Gambia’s top judge in the Supreme Court declined on Monday to rule on President Yahya Jammeh’s petition to overturn his election defeat. Reports from Banjul say that Gambians are waiting to see how Jammeh will react to the victorious opposition leader, Adama Barrow, who is reported to be planning his inauguration this week. Barrow, who is visiting neighbouring Senegal, insists the swearing in ceremony will go ahead.
Jammeh conceded defeat to Barrow following the Dec. 1 presidential poll but later changed his mind, drawing widespread condemnation and the threat of a military intervention by ECOWAS countries led by Nigeria.
Reuters reports that the Gambia Supreme Court has not sat for over a year and all the judge’s seats including that of the chief justice are unoccupied by Gambian Judges. Jammeh reportedly hired judges from Nigeria and Sierra Leone to hear the election petitions, but they have failed to arrive in Gambia.
“It is crystal clear that the justices from Nigeria and Serra Leone are not coming,” the court’s Nigerian Chief Justice of Gambia, Emmanuel Fagbenle, said.
The chief justice said the court would be adjourned until the next regular session in either May or November, but added that the petitions could be heard if the judges arrived sooner. Allies of Jammeh said there could be no inauguration with petitions still pending before the court.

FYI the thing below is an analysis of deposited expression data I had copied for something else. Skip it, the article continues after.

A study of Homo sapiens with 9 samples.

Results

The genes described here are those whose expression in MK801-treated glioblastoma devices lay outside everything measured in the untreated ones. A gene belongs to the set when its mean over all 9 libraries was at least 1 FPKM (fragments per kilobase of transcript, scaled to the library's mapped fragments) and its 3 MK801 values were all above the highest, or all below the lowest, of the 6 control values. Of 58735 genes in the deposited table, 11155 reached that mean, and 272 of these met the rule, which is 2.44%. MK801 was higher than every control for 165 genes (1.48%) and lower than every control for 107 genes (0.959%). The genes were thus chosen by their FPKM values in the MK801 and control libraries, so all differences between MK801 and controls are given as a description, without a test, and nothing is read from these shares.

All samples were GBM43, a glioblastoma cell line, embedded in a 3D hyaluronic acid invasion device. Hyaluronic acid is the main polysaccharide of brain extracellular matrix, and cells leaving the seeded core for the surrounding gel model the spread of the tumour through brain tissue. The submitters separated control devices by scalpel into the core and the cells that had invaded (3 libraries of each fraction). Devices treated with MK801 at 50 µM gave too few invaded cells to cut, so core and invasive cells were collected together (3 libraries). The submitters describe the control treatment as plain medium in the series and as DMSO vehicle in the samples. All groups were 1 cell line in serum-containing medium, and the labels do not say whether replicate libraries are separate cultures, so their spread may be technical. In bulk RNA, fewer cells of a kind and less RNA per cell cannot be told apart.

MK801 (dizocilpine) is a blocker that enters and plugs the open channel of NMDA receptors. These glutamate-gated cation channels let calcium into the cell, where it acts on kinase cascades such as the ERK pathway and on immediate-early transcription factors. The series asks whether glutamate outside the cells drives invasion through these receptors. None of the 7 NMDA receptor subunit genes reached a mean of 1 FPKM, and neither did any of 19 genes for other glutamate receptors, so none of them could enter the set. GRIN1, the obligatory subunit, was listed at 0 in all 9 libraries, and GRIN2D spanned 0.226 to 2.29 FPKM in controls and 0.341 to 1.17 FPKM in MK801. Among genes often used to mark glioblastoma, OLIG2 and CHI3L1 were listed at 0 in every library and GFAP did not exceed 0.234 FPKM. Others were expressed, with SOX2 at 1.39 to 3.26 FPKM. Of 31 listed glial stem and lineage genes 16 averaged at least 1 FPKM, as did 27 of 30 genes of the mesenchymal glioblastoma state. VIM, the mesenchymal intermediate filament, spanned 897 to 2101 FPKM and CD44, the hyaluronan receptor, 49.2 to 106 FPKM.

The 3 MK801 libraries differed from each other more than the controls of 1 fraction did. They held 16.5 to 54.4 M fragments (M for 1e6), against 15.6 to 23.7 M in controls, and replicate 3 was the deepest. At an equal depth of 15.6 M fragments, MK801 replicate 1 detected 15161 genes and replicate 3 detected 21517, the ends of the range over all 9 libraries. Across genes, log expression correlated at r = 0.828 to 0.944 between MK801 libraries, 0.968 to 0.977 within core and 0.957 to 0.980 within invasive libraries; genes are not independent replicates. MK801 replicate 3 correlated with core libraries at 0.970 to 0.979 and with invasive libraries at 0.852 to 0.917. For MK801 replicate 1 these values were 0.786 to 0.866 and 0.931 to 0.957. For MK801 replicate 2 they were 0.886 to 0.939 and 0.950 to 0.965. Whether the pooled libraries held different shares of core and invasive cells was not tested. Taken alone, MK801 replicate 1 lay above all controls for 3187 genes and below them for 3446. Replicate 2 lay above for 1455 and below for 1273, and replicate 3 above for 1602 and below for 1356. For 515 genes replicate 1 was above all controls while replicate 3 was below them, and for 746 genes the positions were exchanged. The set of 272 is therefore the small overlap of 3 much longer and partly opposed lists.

Photo L-R: ECOWAS Peace Mission – Nigeria’s President Muhammadu Buhari, Liberia’s President, Gambia’s President Yayah Jammeh, Ghana’s former President & Gambia’s Vice President | ECOWAS leaders failed to convince Jammmeh to cede power.
“In the interest of justice, the petition must be heard and determined before the inauguration can take place,” said Edward Gomez, a lawyer for Jammeh’s APRC political party, reacting to the adjournment.
Tensions are rising in the capital Banjul as Barrow’s Jan. 19 inauguration approaches. Heavily armed security forces man checkpoints throughout the capital city. Whether Gambia’s impasse will be solved by a legal, political or military solution remains to be seen as the impoverished and tiny West African country reels under the dictatorial weight of a benevolent dictator masquerading as a democratic president.